At UN Climate Conference U.S. Growers Defend Large-Scale Farming

Written by on December 14, 2019 in Climate Change, Eco-Friendly, Environment with 0 Comments

For the first time ever, the UN is building out a roadmap for curbing carbon pollution from agriculture. To take part in that process, a coalition of U.S. farmers traveled to the UN climate conference in Madrid, Spain this month to make the case for the role that large-scale farming operations, long criticized for their outsized emissions, can play in addressing climate change.

Often, conversations about agriculture feature calls for more small-scale, organic farming, the abolition of animal agriculture, and a shift away from farming row crops like corn and soy. The farmers at the meeting in Madrid, many of them political conservatives, aimed to challenge this view.


A.G. Kawamura, a third-generation fruit and vegetable grower and California's former secretary of food and agriculture, responds to critics by asking, “Well, did you eat today?”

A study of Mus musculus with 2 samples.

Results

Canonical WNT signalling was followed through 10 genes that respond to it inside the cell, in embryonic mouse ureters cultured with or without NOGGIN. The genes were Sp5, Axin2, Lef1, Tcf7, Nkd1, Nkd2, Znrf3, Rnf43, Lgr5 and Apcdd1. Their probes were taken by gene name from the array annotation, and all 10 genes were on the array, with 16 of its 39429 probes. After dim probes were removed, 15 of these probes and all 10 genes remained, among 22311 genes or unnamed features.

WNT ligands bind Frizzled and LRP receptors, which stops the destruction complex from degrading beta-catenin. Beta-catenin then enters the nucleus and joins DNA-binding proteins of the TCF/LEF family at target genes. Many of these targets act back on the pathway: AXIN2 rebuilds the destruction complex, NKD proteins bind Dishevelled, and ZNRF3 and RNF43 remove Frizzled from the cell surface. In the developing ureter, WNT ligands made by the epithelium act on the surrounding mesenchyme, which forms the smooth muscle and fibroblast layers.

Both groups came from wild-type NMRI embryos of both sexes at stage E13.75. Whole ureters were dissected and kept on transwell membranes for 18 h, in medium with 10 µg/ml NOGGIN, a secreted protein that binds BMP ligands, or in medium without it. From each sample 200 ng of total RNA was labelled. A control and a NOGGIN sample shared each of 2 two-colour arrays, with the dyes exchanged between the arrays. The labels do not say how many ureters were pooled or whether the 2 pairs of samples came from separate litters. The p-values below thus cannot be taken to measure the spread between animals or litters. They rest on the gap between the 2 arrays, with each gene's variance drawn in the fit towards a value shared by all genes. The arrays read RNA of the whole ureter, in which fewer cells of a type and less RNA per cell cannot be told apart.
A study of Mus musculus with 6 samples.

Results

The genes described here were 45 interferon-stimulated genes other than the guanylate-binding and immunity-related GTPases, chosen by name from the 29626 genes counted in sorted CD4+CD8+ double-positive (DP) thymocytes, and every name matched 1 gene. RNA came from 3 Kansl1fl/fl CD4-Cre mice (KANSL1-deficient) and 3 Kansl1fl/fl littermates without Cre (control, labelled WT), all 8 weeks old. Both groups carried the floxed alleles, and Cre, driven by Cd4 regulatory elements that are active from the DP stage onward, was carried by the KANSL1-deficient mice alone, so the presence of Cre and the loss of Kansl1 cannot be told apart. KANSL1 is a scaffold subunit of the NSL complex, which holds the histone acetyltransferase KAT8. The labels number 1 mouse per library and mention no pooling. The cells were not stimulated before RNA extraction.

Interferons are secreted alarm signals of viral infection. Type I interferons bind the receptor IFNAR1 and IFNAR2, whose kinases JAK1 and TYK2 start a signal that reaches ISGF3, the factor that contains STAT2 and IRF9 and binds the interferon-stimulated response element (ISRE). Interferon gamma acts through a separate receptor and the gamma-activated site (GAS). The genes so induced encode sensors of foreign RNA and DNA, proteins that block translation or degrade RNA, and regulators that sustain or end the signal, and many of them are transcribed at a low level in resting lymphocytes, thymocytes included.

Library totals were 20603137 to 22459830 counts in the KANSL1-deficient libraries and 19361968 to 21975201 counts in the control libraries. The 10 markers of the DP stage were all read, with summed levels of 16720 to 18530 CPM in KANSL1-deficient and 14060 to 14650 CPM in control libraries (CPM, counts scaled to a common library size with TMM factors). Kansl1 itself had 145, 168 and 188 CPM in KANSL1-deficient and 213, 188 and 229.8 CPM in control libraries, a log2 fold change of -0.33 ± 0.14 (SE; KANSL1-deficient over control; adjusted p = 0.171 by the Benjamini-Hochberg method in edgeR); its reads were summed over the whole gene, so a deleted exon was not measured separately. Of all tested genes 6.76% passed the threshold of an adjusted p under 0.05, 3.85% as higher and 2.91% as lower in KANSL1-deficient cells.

The debate about the environmental impact of agriculture harkens back to the 1950s, which gave rise to synthetic pesticides and fertilizer, genetically modified crops, and advanced machinery. These tools allowed farmers to produce more food than ever before, but they also did considerable damage.

The widespread use of pesticides and fertilizers killed insects and birds, as well as fish who lived downstream of farms. The focus on cash crops led many farmers to plant the same crop year after year, sapping the soil of needed nutrients. And the embrace of high-powered farming tools turned once-rich topsoil into lifeless dust.

In light of these facts, many in the environmental community have called for a radical overhaul of the agricultural system. Longtime farmers of row crops like corn and soy are pushing back. They say that, through smart farming practices, they can actually help curb pollution.

Many farmers, for instance, are using advanced technologies that help them to cut down on pollution by allowing them to apply chemicals only where they're needed. But these technologies are only cost-effective on larger farms.